Seriously, though, I enjoyed the post… which considers how much dystopias can teach us about the contemporary world. In addition to holding up a mirror to contemporary problems, Betz writes that a dystopian story like Dredd can help us understand why desperate people in anarchic environments might invite even the harshest guardians of justice–like the Taliban.
I’ve read a lot of discussion lately about the current obsession with dystopias. Somehow, our culture haas migrated from C.S. Lewis’ vision of “a fawn carrying an umbrella and parcels through a snowy wood” to teen dystopias where children murder each other.
That’s a pretty remarkable shift if you stop to think about it, and it has people talking. Consider this article by James Pinkerton comparing the sunny optimism of Star Trek: The Next Generation with the despair of Blade Runner. Or this brilliant article by Brian Phillips, which understands Star Trek: The Next Generation in the context of America’s post-Cold War optimism. Amy Sundberg asks if science fiction has gotten too depressing. For SF author Neal Stephenson, the answer is yes; he has actually created a new project called Hieroglyph to rally SF authors into writing more optimistic fiction.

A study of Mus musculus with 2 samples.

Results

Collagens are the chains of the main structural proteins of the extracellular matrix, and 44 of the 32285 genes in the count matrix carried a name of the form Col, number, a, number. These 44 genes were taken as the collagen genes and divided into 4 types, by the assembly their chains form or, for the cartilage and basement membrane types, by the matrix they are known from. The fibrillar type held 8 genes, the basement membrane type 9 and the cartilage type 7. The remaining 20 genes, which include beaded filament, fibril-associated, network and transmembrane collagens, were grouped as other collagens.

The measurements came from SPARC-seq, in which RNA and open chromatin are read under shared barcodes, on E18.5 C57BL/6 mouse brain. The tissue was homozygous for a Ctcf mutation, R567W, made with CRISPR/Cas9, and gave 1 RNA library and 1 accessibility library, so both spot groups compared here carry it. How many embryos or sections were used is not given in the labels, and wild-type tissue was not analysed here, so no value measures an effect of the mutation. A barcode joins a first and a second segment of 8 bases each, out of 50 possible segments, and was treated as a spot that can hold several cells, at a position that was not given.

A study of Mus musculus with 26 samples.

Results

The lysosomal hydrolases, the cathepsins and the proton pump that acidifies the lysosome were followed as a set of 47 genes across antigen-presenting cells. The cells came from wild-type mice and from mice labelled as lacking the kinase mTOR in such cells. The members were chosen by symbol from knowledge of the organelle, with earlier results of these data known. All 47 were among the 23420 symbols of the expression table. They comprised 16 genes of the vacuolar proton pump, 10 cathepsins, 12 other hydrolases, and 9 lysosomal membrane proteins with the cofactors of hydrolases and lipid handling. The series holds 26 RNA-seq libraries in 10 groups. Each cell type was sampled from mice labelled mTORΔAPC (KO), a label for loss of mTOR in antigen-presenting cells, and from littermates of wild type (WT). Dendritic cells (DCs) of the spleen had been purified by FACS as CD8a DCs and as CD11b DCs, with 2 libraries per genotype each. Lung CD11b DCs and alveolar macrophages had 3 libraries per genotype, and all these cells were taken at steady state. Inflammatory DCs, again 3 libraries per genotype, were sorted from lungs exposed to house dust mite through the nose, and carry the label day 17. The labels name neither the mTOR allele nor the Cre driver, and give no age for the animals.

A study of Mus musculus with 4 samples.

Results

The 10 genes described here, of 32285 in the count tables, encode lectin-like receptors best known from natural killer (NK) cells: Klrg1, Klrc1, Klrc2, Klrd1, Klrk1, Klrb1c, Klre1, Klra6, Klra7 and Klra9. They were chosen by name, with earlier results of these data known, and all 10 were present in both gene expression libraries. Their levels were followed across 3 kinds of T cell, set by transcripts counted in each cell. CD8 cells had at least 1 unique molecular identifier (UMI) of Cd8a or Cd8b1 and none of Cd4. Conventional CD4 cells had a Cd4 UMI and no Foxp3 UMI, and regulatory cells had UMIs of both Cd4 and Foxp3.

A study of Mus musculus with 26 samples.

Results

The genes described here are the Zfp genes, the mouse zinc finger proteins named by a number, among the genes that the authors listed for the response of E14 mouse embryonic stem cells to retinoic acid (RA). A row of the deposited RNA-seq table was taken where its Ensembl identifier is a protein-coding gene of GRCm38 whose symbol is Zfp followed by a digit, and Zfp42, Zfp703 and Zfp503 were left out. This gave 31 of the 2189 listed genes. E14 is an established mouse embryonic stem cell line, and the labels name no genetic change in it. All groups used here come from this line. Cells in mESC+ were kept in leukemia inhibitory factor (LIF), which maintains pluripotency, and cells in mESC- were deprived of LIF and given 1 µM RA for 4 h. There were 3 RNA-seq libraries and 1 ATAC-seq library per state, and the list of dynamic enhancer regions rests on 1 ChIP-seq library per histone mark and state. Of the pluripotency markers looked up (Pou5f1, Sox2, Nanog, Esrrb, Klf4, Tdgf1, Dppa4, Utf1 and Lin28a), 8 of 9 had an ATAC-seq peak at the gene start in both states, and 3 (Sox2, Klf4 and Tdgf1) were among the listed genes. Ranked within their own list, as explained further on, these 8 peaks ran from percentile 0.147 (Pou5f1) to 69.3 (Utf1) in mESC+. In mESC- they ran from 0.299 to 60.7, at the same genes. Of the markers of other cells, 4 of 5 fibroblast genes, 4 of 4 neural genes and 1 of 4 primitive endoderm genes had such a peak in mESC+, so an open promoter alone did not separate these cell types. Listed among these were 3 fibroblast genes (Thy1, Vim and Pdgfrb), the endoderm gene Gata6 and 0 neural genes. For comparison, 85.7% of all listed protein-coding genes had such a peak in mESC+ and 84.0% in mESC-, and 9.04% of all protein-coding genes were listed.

As someone who is immersed in the problems of the contemporary world, I have to admit that I find the tilt toward dystopia somewhat refreshing. I like uplifting stories and believe that one role of fiction is to call us toward higher and better lives, but I also expect serious fiction to grapple with the reality of the human condition. Unfortunately, too much golden age SF oversold the future; authors and their devotees believed that technology and progress could bring something akin to religious salvation. Arthur C. Clarke envisioned that 2001 might bring the next stage of mankind’s evolution; instead, we got September 11th.
In my view, modern dystopian authors have simply rediscovered what Thucydides told us almost 2500 years ago.